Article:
Perhaps I was too kind and too hopeful about Rumsfeld. I have read his recently published memo. It does not offer an inkling of understanding the real thing. Yet for some reason I keep thinking Rumsfeld, alone among those lumped together as supporters of the war, and certainly made into a bogey-man for reasons I cannot fathom (surely the main problem is Bush himself; he’s the Captain Queeg on this listing ship, while Rumsfeld was only first or at times second or even, when Rice came along, third mate), really knows what is going on.
Kindness, sweetness, hopefulness — these are my problems. I possess far too much of them for my own good. Clearly. I’ll try not to in the future.
Those who were raised in the Cold War — those who were handed, that is, the pieties and certainties of that war and did not have to learn or think for themselves overmuch — have demonstrated their limits in the present conflict. However well-spoken they may be (and Rumsfeld is well-spoken and far more intelligent than Bush, Rice, or most of the others), they have been raised in an environment where completely independent thought simply is hard to find.
And they are busy, busy, busy. Those reports. Those endless meetings. Those more reports. Those bullet points. What in god’s name did Rumsfeld, the smartest of the lot, understand about Islam and about the idiocy of the phrase “war on terror”? What did Rumsfeld, the smartest of the lot, understand about how the Muslim Arabs (the Kurds are a special case, because they were grateful for past protection, and eager for future support protection that can only come from the United States) were inevitably going to treat their “liberators” after a short while? What did he know about the Sunnis and the Shi’a, and how everything that has happened has happened inevitably and was perfectly predictable (and was, at this website, predicted and predicted and predicted)? What does Rumsfeld know about the notion of Jihad, and of the instruments of Jihad?
Perhaps now that he is out of office or soon will be, Rumsfeld will start to learn. Without having to get up at 4 a.m. to be driven into the Pentagon to work all day without ever taking the time that he long ago should have taken, and so should they all, perhaps he will begin to study quietly, to read quietly, about Islam — starting let’s say with Bat Ye’or’s The Dhimmi and Islam and Dhimmitude. He can read them, he’s the smartest of the lot. He might try also the books intended for a mass audience by Robert Spencer, including Onward Muslim Soldiers, The Myth of Islamic Tolerance, and his The Truth About Muhammad. Then he could turn to Ibn Warraq’s Why I Am Not a Muslim, and after that to the anthology The Legacy of Jihad. He should keep going, not stopping until finally the scales fall from his eyes, and he sees that the goal should never have been Iraq the Model, Iraq the Light Unto the Muslim Nations, but rather a single and unswerving goal by the Americans and its remaining allies and others that might be allies yet again: to defend ourselves by weakening the Camp of Islam and Jihad, and to do that by dividing and demoralizing that camp, playing upon the pre-existing divisions, the three main ones being sectarian (Sunni and Shi’a), ethnic (Arab and non-Arab) and economic (the Muslims with vast unmerited wealth, and the Muslims who have no oil or gas deposits). Two of these divisions present themselves in Iraq today. The Administration — whose smartest member was Rumsfeld, remember — instead keeps taking as its goal and declaring as its definition of “victory” exactly the wrong thing.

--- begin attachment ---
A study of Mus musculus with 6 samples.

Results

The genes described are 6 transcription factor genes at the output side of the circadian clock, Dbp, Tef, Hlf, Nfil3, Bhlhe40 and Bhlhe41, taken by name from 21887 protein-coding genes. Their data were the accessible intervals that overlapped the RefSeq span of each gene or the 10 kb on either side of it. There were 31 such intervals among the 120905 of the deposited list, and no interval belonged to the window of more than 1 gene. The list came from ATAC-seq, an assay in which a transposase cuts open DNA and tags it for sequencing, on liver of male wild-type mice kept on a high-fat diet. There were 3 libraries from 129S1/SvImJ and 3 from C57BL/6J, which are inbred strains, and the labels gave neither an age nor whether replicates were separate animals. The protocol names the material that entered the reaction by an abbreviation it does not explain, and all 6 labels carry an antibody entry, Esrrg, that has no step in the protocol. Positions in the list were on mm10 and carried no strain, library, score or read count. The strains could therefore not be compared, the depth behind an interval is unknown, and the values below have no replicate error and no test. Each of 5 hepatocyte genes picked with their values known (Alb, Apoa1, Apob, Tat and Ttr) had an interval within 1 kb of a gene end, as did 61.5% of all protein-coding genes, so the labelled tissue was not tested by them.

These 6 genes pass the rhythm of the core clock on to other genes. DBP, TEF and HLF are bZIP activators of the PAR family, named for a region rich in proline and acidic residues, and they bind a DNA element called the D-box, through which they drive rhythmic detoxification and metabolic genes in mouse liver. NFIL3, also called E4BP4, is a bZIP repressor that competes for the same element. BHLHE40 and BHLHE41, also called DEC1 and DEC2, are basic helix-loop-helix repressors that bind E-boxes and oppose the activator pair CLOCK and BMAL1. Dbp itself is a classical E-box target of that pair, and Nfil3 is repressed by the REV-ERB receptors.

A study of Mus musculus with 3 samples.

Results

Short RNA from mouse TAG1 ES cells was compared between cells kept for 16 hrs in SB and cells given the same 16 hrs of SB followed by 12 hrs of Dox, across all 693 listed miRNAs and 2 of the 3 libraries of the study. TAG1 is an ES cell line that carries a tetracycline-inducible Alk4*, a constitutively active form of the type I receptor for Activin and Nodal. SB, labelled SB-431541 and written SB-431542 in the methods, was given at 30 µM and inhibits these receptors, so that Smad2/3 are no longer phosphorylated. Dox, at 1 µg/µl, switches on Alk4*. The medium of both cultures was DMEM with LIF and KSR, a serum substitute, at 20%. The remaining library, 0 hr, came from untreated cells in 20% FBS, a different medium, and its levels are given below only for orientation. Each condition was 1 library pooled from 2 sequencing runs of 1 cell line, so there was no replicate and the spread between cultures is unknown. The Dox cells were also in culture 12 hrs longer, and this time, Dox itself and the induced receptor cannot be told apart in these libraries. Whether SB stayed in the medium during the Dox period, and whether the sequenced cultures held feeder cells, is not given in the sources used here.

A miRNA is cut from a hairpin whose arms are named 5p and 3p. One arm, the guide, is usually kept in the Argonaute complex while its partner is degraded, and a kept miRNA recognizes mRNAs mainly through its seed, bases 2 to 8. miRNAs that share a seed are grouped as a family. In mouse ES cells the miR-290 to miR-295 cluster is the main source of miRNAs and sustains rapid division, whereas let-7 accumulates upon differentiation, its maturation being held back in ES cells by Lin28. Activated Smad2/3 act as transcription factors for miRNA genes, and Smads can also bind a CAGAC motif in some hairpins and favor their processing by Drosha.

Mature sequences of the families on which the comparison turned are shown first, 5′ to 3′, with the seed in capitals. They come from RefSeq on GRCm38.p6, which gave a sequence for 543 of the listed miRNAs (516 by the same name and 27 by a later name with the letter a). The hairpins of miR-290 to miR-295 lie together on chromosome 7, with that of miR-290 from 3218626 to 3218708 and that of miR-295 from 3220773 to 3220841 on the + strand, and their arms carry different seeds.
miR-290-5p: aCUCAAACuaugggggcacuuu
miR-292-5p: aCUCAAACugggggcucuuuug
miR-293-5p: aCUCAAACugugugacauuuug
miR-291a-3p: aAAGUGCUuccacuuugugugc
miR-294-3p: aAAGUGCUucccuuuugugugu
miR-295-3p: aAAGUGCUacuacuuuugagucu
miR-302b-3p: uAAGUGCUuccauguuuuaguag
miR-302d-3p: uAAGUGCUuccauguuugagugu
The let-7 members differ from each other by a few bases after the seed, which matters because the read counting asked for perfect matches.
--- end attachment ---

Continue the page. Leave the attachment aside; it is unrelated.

Rumsfeld now has time to learn all that, and to start with a little mea culpa, mea maxima culpa, about this, and then to go around and explain, in the corridors of power, just how wrong he — and all the others — were. He owes the country, after his participation in this Big (and nearly universal, because the assumptions about the nature and severity of the threat were, and remain, also completely misunderstood by the opposition to Bush) Mistake, a Big Correction.
Not merely a “Course Correction.” Something much bigger.